Self Harm

Self Harm

As parents we find the idea of someone hurting our son or daughter quite unbearable. If we were to discover that someone had hurt them, we would without doubt be extremely angry and upset.

Our reaction would almost certainly be driven by our desire to protect them from future harm. But what happens when you discover that the person harming them is themselves?

Finding out

It is a huge shock to find out your child is self-harming and the conflicting emotions that parents experience can leave you confused and feeling helpless. Parents find it hard to understand and are often at a loss as to what to do when they find out that their child is deliberately harming themselves.

Truth Hurts(1) describes self-harm as “a wide range of things that people do to themselves in a deliberate and usually hidden way, which are damaging”. Cutting is the most common but there are also many other ways that someone can self-harm including burning, banging their head against a wall, hitting and thumping, hair-pulling, inserting objects inside themselves, and poisoning, usually with medicines.

Self-harm is most common in young people between the ages of 11 and 18, with the average age of starting being 12. It is generally believed that self-harm amongst young people is on the increase.

Research has shown that over 40% of people think that young people who self-harm are attention-seeking and one in three people think it is a form of emotional manipulation. This is backed up by the reported experiences of young people themselves, who over and over again say that when they asked for help they received hostile and negative responses (2).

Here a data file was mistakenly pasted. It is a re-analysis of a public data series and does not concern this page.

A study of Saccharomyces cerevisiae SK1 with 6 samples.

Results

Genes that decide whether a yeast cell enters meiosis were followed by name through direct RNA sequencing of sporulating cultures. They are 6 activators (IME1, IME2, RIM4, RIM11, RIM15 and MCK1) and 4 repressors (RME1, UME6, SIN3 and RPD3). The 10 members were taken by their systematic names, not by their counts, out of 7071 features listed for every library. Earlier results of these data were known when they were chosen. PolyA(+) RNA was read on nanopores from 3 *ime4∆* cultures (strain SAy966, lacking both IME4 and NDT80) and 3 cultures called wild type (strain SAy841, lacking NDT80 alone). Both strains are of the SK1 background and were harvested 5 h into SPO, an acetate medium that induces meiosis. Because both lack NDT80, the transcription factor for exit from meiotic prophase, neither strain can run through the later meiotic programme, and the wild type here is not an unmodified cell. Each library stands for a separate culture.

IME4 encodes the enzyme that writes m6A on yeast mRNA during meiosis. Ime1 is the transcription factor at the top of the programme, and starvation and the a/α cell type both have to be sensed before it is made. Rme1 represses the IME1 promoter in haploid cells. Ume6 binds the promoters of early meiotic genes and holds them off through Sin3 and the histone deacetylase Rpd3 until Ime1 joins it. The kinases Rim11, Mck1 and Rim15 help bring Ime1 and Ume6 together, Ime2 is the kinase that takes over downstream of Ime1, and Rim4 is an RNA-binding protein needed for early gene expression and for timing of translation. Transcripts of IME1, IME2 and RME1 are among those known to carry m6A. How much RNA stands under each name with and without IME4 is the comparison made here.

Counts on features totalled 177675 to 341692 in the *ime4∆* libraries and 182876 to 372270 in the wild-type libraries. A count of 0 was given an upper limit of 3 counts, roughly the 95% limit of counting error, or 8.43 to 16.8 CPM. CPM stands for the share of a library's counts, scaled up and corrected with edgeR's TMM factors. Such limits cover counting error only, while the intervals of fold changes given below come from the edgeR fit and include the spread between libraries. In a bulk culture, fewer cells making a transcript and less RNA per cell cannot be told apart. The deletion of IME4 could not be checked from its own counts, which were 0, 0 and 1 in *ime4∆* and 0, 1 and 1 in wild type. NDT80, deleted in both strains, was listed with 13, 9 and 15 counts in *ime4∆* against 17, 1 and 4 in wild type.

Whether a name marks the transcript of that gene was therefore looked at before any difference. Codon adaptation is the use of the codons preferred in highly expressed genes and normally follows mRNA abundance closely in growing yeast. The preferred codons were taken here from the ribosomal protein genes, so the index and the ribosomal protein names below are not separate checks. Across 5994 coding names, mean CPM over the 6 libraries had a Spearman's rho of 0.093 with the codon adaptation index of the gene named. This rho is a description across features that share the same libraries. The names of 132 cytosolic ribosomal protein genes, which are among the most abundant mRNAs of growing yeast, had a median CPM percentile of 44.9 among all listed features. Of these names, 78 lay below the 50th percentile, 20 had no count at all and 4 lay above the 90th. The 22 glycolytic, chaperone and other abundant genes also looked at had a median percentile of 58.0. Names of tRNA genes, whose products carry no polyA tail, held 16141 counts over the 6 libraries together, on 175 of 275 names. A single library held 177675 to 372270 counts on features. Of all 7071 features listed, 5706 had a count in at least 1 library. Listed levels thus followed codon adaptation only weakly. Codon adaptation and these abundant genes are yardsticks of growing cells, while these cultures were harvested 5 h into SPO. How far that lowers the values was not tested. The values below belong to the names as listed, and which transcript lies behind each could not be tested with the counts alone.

Emotional Distress

It is important for parents to understand that self-harm is a symptom of emotional distress of some kind. It is a way of dealing with overwhelming and painful feelings and young people talk about how it helps them to cope with living.

As single parents we often feel a greater sense of responsibility about how our children behave than other parents and an increased tendency to blame ourselves when problems arise. However, what leads a young person to self-harm is complex and it is vital that they have our support.

People who self-harm need someone to listen and to not judge them. The secrecy of self-harming can become such a burden that to simply open up to someone else can be an enormous relief. Then to know that they haven’t been judged or blamed can motivate them to start taking steps to get help and support.

Sources

  1. Truth Hurts: Report of the National Inquiry into Self Harm among Young People, Mental Health Foundation 2006.
  2. www.selfharm.co.uk UK based site

Useful links:

  • The Royal College of Psychologists Further information on self harm.
  • Life signs A survivor-led organisation offering guidance for family, friends and loved ones who self harm.
  • Harmless A user led organisation that provides a range of services about self harm including support, information, training and consultancy to people who self harm, their friends and families and professionals.